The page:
Bob Buckley for The Examiner: We Need to Examine and Understand All of America’s History

July 15, 2021 

Bob Buckley, partner at White, Graham, Buckley & Carr, is a regular columnist for The Examiner of East Jackson County. In his latest column, Buckley Shares his views on critical race theory, a hot topic around the country. He also compares what he’s recently learned about the state of Black people and Black scholars since graduating with an undergraduate degree in American history to what he actually learned in school.

The article, We Need to Examine and Understand All of America’s History, was published in the July 9 edition of The Examiner. An excerpt from the article is below.

I promised two weeks ago that I would write about critical race theory this week. I had more email responses to my last column than to any of the previous 403 that I had written, and all were very kind, probably because I had not yet taken a stand on CRT. If you have been waiting in anticipation to see if I embrace it or scorn it, you will be disappointed.

I suspect many people who scorn CRT and even legislate against its teaching don’t fully understand it. I have read much about it, but still do not fully understand it. I think you have to be a graduate-level student to really grasp its meaning. I have a degree in history with a concentration on American history. I completed my undergraduate education nearly 50 years ago, and only remnants of my education are deeply embedded in my mind.

I did have a course in Black history taught by a Black professor. One of his assignments to a classroom full of white students was to interview five Black people. I suspect that the professor gave this assignment because most of us had not spent much time with Black people; that this was five years after the assassination of Dr. Martin Luther King Jr. and the riots that followed were fresh in everyone’s mind.

My parents were not racists and were well-respected in the Black community. We had a Black babysitter/housekeeper, Ivona Hambright, who helped my mother raise me and my seven siblings. She was a part of our family. Several Black families lived a couple of blocks away, and I still consider many of them friends today. Racism was not an option in our household, so I did not need to be enlightened. What I did need was historical perspective that my history education at UMKC did not provide.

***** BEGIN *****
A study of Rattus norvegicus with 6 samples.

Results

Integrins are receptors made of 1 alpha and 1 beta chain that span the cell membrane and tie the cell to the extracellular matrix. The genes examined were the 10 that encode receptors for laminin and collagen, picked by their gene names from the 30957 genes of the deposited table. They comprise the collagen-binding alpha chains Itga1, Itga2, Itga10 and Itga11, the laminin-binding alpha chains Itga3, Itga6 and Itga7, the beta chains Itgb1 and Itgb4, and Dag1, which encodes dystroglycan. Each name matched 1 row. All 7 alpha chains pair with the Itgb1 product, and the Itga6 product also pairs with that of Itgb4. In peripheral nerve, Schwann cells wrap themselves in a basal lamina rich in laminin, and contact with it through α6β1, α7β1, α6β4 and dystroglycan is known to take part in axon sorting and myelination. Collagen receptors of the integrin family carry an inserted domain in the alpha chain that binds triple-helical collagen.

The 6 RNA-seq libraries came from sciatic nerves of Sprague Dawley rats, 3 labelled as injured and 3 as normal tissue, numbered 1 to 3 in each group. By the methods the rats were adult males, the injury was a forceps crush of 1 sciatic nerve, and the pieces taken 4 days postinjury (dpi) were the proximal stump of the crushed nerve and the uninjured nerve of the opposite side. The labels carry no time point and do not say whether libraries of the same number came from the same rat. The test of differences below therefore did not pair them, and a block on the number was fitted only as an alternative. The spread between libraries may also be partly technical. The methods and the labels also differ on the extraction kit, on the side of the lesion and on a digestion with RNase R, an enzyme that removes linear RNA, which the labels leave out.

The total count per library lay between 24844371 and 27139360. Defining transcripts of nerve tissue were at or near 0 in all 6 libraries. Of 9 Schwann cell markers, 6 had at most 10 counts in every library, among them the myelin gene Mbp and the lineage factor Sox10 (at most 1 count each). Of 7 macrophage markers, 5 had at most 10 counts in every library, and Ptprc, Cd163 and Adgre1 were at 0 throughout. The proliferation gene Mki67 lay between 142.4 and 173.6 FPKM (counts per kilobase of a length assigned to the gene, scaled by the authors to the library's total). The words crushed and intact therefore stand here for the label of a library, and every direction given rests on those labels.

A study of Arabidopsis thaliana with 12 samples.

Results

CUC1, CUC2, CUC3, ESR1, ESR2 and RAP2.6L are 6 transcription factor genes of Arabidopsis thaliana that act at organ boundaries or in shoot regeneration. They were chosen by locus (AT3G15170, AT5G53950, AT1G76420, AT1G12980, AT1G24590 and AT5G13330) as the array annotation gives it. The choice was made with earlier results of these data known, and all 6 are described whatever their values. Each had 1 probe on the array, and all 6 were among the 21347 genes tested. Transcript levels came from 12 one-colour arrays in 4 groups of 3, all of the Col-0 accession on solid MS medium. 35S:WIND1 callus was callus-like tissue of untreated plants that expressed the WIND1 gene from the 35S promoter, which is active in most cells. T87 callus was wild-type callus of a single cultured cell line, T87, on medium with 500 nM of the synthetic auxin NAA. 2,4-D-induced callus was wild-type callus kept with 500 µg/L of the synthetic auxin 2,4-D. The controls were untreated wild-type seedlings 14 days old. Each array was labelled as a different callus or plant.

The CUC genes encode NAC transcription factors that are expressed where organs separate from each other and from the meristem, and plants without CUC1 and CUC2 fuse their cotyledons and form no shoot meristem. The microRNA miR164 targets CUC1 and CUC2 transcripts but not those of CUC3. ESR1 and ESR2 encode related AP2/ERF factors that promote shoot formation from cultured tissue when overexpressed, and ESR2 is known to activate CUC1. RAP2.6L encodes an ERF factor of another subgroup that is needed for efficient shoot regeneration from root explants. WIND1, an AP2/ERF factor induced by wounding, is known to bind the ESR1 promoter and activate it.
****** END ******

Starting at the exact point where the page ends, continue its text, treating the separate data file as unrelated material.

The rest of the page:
Until recently, I knew nothing about the Tulsa race massacre, or that slavery continued in Texas and other Southern states for a few months after General Lee surrendered at Appomattox on April 9, 1865, until Order No. 3 was proclaimed on June 19, 1865. We now have a national holiday to remember that momentous occasion. The Senate passed the legislation creating the holiday by unanimous consent and the vote in the house was 415-14 so there was not much controversy.

I grew up three blocks from the 33rd U.S. President, and although I learned from one of my 1973 interviews with a Black security guard at the First National Bank that Truman desegregated the armed forces, I did not know the story of his transformation.

I live in Jackson County and have Cherokee Indian ancestry, but I did not know the story of the Trail of Tears and how Andrew Jackson ignored an 1832 Supreme Court decision that opposed relocation and ordered the forced march of the Cherokee tribes and others from North Carolina and Georgia to Oklahoma.

I do not think we should rename our county or tear down Jackson’s statue. Nor do I think we should remove all of the Confederate statues around the country. It is part of our history and provides a teaching moment, but if we are going to teach about Confederate heroes, we also need to tell the story of segregation, the fallacious separate but equal doctrine and Jim Crow laws that dominated the south for 100 years after the Civil War.

Critical race theory is a body of legal scholarship and an academic movement of civil-rights scholars and activists that seeks to critically examine law as it intersects with issues of race in the United States and to challenge mainstream liberal approaches to racial justice. The principles of CRT are that racism and disparate racial outcomes are the result of complex, changing and often subtle social institutional prejudices on the part of individuals. CRT provides that race is not biologically real but is socially constructed and socially significant. CRT claims that racism is codified in law, embedded in structures, and woven into public policy. It also contends that racism is a normal feature of society and is embedded within systems and institutions, like the legal system. Frankly, it is so complex that it can only effectively be studied at the graduate level in college.